BEATLES SUE NIKE OVER USE OF SONG
The Beatles want to stop the revolution.
Declaring that the legendary rock group doesn’t “endorse or peddle sneakers or panty hose,” lawyers for the Beatles filed a $15-million lawsuit Tuesday to halt the use of the band’s 1968 recording of “Revolution” in a Nike running shoes TV commercial.
Besides asking that the commercial be pulled, the suit filed with the New York state Supreme Court in Manhattan seeks $15 million in damages from Nike, Inc.; the Oregon-based advertising firm of Wieden and Kennedy, and EMI-Capitol Records, which releases the Beatles’ music.
“The Beatles didn’t create this music or make these recordings (so they could be used) in commercials,” said lawyer Leonard Marks, who filed the suit on behalf of Apple Records. “If they wanted to cash in on commercials, they could have done so many times over the past 25 years and . . . they are not about to permit advertisers and a record company to cash in on this now.
“Basically what this lawsuit is is a warning to advertisers and the record company: If you think you can use the Beatles recordings to . . . peddle anything from bras to beer, you’re going to be sued.”
Speaking by phone from New York, Marks said EMI-Capitol was paid $250,000 by Nike for the rights to the recording. “This is the first time (a Beatles recording) has ever been used to endorse a commercial product (and it was done) without the authorization or permission of the Beatles.”
Both Nike and the advertising agency declined to comment on the suit, but a spokesperson for EMI-Capitol challenged Marks’ contention that the record company does not have the right to license recordings for commercials.
“There’s no question that we have the legal right to license Beatles songs,” said Sue Satriano, vice president of public relations for EMI Music. “In this case, we were very concerned about how the recording would be used. We even viewed the commercial prior to its being aired to make sure that it did not imply a Beatles endorsement. Our general impression is that the commercial has been well received.”
Tuesday’s lawsuit is the latest step in a bitter financial struggle initiated in 1979 when Apple attorney Marks filed a $50-million breach-of-contract suit against EMI-Capitol Records alleging the Beatles had been cheated out of album royalties between 1969 and 1979.
With that case still pending, Marks filed a second $40-million suit in New York last week, accusing EMI of cheating the Beatles out of royalties from compact disc sales.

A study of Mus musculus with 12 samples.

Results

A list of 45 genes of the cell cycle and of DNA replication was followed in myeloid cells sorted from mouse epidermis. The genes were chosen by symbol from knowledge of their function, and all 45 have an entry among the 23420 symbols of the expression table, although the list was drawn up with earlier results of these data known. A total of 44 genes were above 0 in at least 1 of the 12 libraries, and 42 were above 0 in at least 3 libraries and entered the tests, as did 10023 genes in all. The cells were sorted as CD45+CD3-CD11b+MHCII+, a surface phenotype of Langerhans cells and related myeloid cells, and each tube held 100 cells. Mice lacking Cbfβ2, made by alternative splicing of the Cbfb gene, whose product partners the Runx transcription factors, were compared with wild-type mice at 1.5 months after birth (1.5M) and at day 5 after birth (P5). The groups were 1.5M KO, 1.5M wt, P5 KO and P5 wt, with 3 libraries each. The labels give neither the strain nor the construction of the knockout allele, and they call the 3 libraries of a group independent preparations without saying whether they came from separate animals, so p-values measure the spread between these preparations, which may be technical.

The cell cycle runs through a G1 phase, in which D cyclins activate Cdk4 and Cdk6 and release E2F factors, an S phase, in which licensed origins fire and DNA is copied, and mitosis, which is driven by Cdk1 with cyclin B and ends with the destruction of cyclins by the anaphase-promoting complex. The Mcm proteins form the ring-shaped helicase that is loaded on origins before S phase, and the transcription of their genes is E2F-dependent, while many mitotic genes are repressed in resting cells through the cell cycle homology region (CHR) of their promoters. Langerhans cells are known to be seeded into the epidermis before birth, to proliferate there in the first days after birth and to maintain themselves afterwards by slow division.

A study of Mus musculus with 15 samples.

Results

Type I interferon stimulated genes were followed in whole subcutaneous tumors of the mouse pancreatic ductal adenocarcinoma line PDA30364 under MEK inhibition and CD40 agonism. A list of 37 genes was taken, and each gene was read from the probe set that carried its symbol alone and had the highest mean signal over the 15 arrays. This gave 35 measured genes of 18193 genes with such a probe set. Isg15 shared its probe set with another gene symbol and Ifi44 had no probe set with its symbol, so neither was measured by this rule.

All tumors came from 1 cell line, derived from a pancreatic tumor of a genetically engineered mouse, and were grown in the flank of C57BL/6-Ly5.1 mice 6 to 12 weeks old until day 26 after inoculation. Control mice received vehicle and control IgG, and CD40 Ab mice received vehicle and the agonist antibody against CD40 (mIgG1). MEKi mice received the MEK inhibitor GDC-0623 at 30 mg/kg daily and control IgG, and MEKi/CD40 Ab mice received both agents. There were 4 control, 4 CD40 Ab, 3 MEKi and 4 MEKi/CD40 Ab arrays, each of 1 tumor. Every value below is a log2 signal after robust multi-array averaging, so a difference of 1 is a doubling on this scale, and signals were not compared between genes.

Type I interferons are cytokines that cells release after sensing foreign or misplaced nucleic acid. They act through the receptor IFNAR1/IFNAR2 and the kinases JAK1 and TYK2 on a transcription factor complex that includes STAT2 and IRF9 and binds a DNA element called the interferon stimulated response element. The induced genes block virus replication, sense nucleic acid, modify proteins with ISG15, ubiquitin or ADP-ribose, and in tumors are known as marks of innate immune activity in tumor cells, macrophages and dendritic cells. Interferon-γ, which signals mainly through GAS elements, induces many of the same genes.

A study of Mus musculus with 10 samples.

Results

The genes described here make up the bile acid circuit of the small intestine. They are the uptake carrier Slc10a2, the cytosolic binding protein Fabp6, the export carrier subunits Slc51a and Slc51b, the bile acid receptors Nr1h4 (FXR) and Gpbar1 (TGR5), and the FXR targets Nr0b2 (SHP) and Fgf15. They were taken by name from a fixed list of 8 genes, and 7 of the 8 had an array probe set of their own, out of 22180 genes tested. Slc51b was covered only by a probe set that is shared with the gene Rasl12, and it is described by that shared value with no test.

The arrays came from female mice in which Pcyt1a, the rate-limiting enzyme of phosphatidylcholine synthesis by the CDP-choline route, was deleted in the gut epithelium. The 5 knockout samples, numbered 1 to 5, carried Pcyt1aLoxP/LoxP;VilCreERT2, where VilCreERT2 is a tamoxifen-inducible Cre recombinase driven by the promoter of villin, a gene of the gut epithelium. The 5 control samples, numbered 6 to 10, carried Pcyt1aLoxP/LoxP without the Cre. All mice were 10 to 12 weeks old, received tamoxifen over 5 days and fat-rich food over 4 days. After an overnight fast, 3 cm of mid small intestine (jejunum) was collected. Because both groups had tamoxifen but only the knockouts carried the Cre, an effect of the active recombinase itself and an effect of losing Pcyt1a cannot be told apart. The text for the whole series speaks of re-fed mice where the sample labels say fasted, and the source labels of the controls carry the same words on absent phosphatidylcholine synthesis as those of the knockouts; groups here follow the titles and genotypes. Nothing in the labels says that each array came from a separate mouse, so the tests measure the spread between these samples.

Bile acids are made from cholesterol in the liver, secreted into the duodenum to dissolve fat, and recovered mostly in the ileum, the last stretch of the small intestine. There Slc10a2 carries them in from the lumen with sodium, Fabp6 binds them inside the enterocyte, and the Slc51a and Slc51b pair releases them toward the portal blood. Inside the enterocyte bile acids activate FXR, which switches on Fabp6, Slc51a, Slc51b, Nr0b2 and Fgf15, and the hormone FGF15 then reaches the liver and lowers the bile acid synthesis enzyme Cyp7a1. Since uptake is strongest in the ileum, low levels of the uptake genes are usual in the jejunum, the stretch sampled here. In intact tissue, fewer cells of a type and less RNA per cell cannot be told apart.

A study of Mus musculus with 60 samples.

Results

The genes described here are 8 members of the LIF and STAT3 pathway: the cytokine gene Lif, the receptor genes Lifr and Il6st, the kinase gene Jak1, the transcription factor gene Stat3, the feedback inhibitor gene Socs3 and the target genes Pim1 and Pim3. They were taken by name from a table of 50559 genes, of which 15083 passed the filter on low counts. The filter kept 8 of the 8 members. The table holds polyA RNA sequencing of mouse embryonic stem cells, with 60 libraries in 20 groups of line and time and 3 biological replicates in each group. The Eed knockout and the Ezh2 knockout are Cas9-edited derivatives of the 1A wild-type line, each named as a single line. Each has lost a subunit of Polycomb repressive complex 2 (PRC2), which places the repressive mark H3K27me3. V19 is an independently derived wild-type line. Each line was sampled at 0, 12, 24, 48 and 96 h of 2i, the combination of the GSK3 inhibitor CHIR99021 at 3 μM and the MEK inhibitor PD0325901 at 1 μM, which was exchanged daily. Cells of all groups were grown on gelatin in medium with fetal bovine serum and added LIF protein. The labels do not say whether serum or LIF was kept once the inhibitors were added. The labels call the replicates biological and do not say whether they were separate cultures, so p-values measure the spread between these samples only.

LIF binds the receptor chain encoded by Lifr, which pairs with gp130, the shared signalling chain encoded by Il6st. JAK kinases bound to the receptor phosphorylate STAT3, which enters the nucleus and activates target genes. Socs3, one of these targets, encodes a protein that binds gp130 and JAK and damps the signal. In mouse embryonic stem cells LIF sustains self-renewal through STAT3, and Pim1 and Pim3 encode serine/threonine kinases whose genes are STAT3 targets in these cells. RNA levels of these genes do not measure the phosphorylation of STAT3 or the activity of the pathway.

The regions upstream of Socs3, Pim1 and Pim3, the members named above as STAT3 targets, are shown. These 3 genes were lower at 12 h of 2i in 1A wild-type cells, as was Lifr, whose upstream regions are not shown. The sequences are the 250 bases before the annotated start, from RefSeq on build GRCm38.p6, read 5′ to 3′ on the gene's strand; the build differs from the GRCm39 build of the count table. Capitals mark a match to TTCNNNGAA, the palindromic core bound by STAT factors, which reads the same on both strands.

In all three suits, Marks is asking that control of the Beatles master recordings--and the rights to issue them--be returned to Apple, the firm formed by the Beatles. Under such a stipulation, EMI would not be able to release any more Beatles records.
The latest suit does not name Michael Jackson, who owns publishing rights to “Revolution” and other Lennon-McCartney songs, making the focus of the suit the use of the “original sound recording of the Beatles.”
Kevin Brown, director of corporate communications for Nike, declined to comment on the suit, though he said response to the commercial has been “generally positive” since the TV campaign was initiated in mid-March.
But he said the company has received some letters--no more than 30 to 35--from “people who think it is not correct to use a Beatles song in advertising” plus a “couple of disgruntled responses from people who just don’t like rock ‘n’ roll music.”
Presumably, Nike could have sidestepped the suit by having other musicians re-record “Revolution” for the commercial, but Brown said the company rejected that alternative because it didn’t believe the move would be “intellectually honest.”
Indeed, legal questions have been raised over sound-alike recordings used in several recent commercials. Bette Midler filed a $10-million suit last year against Ford Motor Co. for using a sound-alike version of “Do You Want to Dance,” a song she had recorded, in a commercial.
Though he said Ford acted like a “common thief,” a U.S. District Court judge in Los Angeles dismissed that suit July 13 on the grounds that Midler wasn’t legally entitled to collect damages from the company or its advertising agency. Midler’s attorney said the case would be appealed.